Mark Trumbo's new respect for preparation

TEMPE, Ariz. -- Ask any veteran player, and he’ll tell you the ability to adapt is the key to a lengthy and productive major league career. The pitchers, advance scouting reports and game-planning in the big leagues are unrelenting, and hitters who fail to come to grips with that reality won’t be collecting big league meal money very long.

Mark Trumbo of the Angels knows the drill. Last year he hit .307 with a .988 OPS, 27 homers and 66 RBIs in the team’s first 85 games. He made his first All-Star Game at age 26, participated in the Home Run Derby and earned a reputation as a hitter that pitchers had to approach with the utmost care.

Then everything unraveled. The final 2½ months of the regular season, Trumbo hit .213 with a .551 OPS, five homers and 29 RBIs. There were times when he felt as if he had tread marks stamped across his forehead.

Trumbo is a bright kid, and he spent enough time reflecting on the experience to glean something positive from it. In the midst of his travails, he learned some valuable things about his mechanics, his approach to hitting and his ability to take a punch.

“I understand this is a very tough game," Trumbo said. “I had some mechanical things break down, and the pitchers don’t get any better than here. At the big-league level, they’re able to locate for the most part. If they do find a glaring weakness or something you’re really struggling with, they’re probably going to attack that and keep attacking it until you can prove you’ve made some adjustments.

“I think the biggest thing is to get a good pitch to hit. It’s a lot easier to make good solid contact when you get something to work with. Last year I started to chase a little bit, and the combination of a tough pitch to hit with a bad swing is a recipe for disaster."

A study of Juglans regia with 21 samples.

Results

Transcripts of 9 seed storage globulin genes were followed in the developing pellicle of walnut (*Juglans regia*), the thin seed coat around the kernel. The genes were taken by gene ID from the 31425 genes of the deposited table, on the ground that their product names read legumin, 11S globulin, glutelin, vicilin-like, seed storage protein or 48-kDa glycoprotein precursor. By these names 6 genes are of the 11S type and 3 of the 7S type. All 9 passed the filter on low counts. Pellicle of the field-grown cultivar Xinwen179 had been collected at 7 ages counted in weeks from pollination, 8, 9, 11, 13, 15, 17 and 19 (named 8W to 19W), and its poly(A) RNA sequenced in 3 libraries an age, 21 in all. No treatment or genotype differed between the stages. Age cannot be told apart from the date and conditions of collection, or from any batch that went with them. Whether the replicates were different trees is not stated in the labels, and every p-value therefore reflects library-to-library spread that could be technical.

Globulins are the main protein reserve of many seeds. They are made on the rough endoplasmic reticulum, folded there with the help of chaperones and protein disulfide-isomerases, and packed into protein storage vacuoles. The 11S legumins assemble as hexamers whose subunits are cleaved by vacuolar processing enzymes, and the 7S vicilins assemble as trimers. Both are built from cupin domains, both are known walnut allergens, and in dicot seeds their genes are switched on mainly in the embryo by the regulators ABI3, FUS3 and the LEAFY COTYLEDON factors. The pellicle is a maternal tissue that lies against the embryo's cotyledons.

Trumbo, recharged from a winter of introspection, is ready to reclaim his status as a force in manager Mike Scioscia’s batting order. Just where he appears in the field will depend on the day.

When Josh Hamilton signed a five-year, $125 million deal with the Angels in December, it ensured that Trumbo will spend a lot more time in the designated hitter spot this season. He can also expect to spell Albert Pujols at first base, fill in for Hamilton in right on occasion and log some games in left.

Trumbo is a .306 hitter with a .937 OPS in 23 career games at DH, so he’s shown some aptitude for the position. But he knows he’ll have to experiment with ways to stay engaged and ready during the lengthy down time between at-bats.

It’s early yet, but Trumbo expects to spend more time riding a stationary bike and hitting in the cage working up a sweat than hunkering down in the video room obsessing over his last at-bat. He also plans to spend a lot of time in the dugout to keep his head in the game.

“I’m trying to get away from overanalyzing things, especially on video." Trumbo said. “I would like to get back to trusting what I feel up there and doing it that way. If I do DH, the temptation of sitting in that film room is going to be really high. I’m going to do everything I can to fight that."